One of the key audiences during a crisis are your shareholders. But what happens when the shareholders become the crisis?
This month has seen a highly unusual, perhaps unprecedented, event on the US stock market as traditional Wall St. hedge funds have gone toe-to-toe with amateur traders over the most unlikely of targets – Gamestop.
For those who are unaware, Gamestop is a publicly traded gaming and merchandise store based in the US. It has been described as ‘failing’ by one big investor and as a result was one of the most heavily ‘shorted’ stocks on Wall Street.
The concept of shorting stocks is probably one unfamiliar to most of us who are not financial experts – but it essentially means that large investors borrow stocks off one party, sell them for one price, say $10, and then when the price has dropped, buy them back at say $5 dollars. They then return the stocks to the original party and pocket the difference. Simple.
Except, social media had different ideas. Amateur trading is not new – there are a plethora of new apps and companies that offer to open the door to the average Joe to begin trading without the initial deposits or broker fees that have traditionally barred entry. This ‘democratisation’ of trading has led to a number of people trying their hand at stock market speculation, and indeed those who do have developed an online community to swap hints and tips.
And so, on Reddit, billed as the front page of the internet where you can discuss medical diagnoses to sports results, amateur traders discussed the prospect of investing in Gamestop. As one of the most shorted stocks on Wall St, the plan was simple: Buy as many shares as possible to inflate share price, forcing hedge funds to buy back shares not at a loss as they intended but instead at a profit to avoid losing vast sums of money. In turn, they would make money as the rush to buy back shares inflated prices even more.
The success of this internet scheme has been unimaginable. From a low of $17.25 on 4 January, the share price in Gamestop peaked at $347.51 on 27 January.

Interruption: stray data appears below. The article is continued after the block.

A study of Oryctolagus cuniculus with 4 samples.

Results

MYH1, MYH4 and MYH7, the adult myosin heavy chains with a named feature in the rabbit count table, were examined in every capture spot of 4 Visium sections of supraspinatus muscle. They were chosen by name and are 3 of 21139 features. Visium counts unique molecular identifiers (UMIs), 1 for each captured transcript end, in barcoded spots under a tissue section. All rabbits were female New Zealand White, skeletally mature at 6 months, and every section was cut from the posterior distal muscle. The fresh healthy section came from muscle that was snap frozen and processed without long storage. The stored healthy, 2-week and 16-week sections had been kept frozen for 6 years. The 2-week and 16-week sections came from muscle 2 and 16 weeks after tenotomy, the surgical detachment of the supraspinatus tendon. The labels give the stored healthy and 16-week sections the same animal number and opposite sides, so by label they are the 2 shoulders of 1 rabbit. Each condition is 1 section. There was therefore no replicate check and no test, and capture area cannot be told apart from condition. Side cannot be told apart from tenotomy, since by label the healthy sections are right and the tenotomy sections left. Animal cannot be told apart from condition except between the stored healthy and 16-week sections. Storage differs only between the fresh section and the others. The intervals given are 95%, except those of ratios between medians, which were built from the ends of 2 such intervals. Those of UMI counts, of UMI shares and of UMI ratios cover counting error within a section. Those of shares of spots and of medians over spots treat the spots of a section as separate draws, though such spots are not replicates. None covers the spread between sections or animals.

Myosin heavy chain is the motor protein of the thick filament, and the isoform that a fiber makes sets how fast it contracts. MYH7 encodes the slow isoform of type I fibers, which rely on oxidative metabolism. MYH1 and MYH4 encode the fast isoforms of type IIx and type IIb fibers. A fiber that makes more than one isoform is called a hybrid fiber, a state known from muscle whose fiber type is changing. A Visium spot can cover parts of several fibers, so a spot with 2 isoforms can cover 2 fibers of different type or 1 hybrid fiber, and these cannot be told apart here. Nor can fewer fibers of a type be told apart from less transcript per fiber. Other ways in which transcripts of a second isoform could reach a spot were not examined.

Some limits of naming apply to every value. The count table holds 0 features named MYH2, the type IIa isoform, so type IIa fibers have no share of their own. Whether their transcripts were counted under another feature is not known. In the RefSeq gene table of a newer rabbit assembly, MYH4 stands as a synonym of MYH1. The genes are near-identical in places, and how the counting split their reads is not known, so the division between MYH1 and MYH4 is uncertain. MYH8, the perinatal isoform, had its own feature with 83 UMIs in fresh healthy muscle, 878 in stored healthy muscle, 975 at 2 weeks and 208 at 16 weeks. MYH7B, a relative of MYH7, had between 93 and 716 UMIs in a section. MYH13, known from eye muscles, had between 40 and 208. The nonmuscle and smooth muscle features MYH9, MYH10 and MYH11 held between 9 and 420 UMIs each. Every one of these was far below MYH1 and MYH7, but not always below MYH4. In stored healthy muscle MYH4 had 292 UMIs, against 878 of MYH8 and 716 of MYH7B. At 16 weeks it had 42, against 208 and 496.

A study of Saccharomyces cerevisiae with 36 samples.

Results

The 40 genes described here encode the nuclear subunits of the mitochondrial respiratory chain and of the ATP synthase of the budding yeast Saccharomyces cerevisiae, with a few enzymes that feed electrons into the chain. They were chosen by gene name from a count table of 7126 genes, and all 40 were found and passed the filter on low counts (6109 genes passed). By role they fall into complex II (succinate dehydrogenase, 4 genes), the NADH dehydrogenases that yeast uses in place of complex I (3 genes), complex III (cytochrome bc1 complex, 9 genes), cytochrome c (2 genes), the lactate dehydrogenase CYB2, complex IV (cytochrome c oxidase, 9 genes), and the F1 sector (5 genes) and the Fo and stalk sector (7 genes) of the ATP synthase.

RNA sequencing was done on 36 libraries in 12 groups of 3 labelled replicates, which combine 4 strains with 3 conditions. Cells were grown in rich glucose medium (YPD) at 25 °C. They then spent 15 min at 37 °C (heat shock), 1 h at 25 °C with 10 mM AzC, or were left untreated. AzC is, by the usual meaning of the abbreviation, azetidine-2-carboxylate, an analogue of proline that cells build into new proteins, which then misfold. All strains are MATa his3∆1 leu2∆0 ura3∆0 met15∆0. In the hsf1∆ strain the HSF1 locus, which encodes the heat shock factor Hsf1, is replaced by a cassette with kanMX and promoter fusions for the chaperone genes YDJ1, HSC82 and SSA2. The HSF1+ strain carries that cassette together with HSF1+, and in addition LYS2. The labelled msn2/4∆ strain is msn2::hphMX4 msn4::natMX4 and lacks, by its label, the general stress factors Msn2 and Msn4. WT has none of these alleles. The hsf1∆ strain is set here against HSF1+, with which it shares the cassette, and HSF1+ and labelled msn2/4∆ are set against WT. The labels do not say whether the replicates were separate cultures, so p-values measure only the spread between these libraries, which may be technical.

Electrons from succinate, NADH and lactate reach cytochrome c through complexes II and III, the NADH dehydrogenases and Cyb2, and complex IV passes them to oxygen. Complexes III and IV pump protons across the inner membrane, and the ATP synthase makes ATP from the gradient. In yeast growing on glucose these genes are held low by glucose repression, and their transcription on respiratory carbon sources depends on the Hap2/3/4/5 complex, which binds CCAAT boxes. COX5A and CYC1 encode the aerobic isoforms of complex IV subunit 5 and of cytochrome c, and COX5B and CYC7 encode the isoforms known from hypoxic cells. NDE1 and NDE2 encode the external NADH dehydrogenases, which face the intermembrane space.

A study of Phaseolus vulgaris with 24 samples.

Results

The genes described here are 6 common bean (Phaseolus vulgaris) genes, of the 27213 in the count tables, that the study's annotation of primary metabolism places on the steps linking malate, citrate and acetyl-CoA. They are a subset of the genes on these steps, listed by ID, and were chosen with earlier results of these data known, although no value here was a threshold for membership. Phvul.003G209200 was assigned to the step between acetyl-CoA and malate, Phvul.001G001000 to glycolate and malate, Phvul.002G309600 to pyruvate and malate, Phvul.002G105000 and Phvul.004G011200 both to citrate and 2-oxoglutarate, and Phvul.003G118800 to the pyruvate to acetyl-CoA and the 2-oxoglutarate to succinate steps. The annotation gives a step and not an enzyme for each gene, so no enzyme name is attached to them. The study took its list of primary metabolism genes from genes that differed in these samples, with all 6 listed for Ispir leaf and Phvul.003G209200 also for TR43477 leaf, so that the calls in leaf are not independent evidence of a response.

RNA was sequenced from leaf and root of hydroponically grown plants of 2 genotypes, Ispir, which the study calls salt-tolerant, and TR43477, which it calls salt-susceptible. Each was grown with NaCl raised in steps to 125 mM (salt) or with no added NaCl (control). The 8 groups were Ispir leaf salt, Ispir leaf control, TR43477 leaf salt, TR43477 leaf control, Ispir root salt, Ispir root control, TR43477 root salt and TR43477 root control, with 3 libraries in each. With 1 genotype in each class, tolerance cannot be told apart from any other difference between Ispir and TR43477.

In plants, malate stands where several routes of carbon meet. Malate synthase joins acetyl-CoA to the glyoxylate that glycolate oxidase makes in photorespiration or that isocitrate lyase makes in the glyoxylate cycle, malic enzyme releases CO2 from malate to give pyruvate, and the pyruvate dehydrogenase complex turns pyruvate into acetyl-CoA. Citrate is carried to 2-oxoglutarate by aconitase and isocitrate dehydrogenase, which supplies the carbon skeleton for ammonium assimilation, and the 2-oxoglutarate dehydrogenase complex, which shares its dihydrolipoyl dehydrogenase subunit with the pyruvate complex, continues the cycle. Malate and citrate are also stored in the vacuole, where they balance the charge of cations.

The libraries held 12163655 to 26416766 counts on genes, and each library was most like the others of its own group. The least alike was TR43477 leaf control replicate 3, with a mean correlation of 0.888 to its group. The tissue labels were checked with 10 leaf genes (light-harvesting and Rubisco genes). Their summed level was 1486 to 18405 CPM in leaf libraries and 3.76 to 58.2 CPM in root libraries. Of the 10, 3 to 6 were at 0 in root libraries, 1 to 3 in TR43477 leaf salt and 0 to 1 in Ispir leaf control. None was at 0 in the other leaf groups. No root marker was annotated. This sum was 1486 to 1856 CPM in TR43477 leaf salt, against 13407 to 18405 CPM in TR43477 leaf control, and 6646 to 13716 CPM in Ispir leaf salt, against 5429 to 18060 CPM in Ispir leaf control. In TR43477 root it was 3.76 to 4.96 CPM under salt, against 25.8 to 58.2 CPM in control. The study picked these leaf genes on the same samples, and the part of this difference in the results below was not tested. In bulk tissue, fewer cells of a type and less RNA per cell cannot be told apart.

In response, some online platforms popular with amateur traders such as Robinhood ceased trading Gamestop shares. This led to a monumental online backlash accusing them of favouring Wall St. giants when it suited them and questioning their loyalty to their customers. They were forced swiftly into a U-turn, but not before they had managed to sustain substantial reputational damage.
But that’s not all. In crisis communications, one of the things we are often concerned about is when an incident becomes high-profile enough to start involving regulators and politicians. In the wake of any crisis, third-party authorities must be seen to be taking action. Regulators everywhere have had their say on the issue, warning investors of the risks of trading volatile stocks and reminding everyone that they must play by the rules. Political enemies from ends of the economic spectrum, that would never normally meet, have come together to express concern that stock market rules have been un-equally applied to amateurs versus Wall St.
And what of Gamestop itself? Well, for the moment, it appears it’s caught in an issue far greater than itself. What started as a relatively niche internet thread has now become one of the world’s largest stories and a conclusion to the saga is not yet in sight. Satisfying shareholders during a crisis is one thing. But when the crisis is the battle to become your shareholders, well that’s another problem entirely.